Tiresome, but attractive

Review about my solo exhibition There is tiresome, but attractive (Uqbar Berlin, 28.11.2015–10.01.2016)


  • 01
  • 02
  • 06
  • 07
  • 13
  • 04
  • 03
  • 05
  • 08
  • 09
  • 10
  • 12
  • 11
  • 16
  • 14
  • 15

These works are the results of a three-month artist residency in South Korea in spring 2015. They aim to capture and transmit the specific atmosphere of the city of Seoul between excitement and exhaustion, attraction and tiredness. My research on this topic was inspired by the writings of South Korean philosopher Byung-Chul Han, who referred to his homeland as a “fatigue socity in terminal stage”.

In the exhibition There is tiresome, but attractive (presented at Uqbar art space, Berlin, Nov 2015–Jan 2016) various photographs of the city’s business and shopping districts, especially from Gangnam and the “Smart City” Songdo, which is still under construction, were assembled in form of an installative setting. By working with big size prints and using the form of their presentation, I transform street scenes and architectures into Urban Characters (see also my series with the same title) – photographs of architectural bodies turn into representative figures revealing distinctive personalities and characteristics. In the case of Seoul these are ultra-modern buildings, but barely able to keep upright. They literally fall out of the frame or collapse in the exhibition space. It seems as if they act out the exhaustion that the depicted businesspeople – who all move within a tight time frame – do not concede. When asked “How are you?” the performance-oriented subject answers “Very busy!” The work Businesscard of a Full Body Sandwich Man refers to the importance of the business card as proof of such a busyness.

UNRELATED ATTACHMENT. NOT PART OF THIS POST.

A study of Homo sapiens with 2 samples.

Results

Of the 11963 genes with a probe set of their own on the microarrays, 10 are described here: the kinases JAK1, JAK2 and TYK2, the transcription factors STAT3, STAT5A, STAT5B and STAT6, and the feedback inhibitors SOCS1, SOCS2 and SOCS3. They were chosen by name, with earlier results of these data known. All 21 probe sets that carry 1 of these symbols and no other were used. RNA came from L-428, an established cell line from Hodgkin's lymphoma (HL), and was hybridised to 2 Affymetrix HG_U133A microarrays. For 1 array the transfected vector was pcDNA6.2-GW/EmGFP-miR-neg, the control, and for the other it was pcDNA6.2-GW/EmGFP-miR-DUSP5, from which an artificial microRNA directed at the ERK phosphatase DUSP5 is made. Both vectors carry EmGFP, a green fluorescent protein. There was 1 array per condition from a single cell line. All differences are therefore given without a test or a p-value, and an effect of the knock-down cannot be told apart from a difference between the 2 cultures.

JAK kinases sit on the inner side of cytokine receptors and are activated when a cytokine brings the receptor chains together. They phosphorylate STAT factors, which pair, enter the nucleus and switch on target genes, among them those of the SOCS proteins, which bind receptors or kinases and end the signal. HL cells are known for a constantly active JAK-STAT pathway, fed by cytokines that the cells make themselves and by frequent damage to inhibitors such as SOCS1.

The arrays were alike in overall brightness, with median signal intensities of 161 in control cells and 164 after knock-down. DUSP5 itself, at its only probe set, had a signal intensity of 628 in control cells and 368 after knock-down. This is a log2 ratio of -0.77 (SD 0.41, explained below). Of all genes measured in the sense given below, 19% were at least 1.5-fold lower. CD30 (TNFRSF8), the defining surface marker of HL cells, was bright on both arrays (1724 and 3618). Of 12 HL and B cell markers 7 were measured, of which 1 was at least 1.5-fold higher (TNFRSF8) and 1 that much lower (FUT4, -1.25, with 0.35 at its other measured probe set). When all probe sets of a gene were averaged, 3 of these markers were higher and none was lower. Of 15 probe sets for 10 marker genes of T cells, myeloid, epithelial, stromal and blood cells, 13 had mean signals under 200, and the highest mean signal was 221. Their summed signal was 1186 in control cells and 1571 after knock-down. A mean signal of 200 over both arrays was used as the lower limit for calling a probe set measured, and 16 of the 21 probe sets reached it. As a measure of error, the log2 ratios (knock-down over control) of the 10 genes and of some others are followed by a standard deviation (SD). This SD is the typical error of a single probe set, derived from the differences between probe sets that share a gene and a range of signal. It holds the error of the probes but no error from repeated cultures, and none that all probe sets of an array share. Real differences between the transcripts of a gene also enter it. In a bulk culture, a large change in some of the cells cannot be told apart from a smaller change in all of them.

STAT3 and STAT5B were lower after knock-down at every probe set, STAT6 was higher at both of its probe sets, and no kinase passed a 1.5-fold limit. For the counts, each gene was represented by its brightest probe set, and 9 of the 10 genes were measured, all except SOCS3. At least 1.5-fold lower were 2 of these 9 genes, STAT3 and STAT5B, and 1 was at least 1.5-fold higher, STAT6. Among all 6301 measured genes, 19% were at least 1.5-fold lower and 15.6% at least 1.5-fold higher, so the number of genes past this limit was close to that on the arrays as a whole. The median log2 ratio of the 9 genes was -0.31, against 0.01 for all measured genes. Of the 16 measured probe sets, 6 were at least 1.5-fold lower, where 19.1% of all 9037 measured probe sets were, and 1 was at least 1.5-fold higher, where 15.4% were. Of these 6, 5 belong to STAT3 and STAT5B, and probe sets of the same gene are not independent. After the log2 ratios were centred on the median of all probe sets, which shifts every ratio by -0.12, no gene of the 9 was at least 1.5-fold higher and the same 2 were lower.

The need for a permanent commitment and optimized appearance exerts immense pressure and in order to keep up the motivation, suggestive encouragement is needed: Shown on a tablet, Korean Notebook Wisdoms is a collection of aphorisms that I discovered on the cover pages of Korean notebooks (the title of the exhibition was one of them). The slogans – written in incorrect English – oscillate oddly between reassurance and encouragement; originating in Confucian philosophy they fit seamlessly into a global neoliberal work ethic.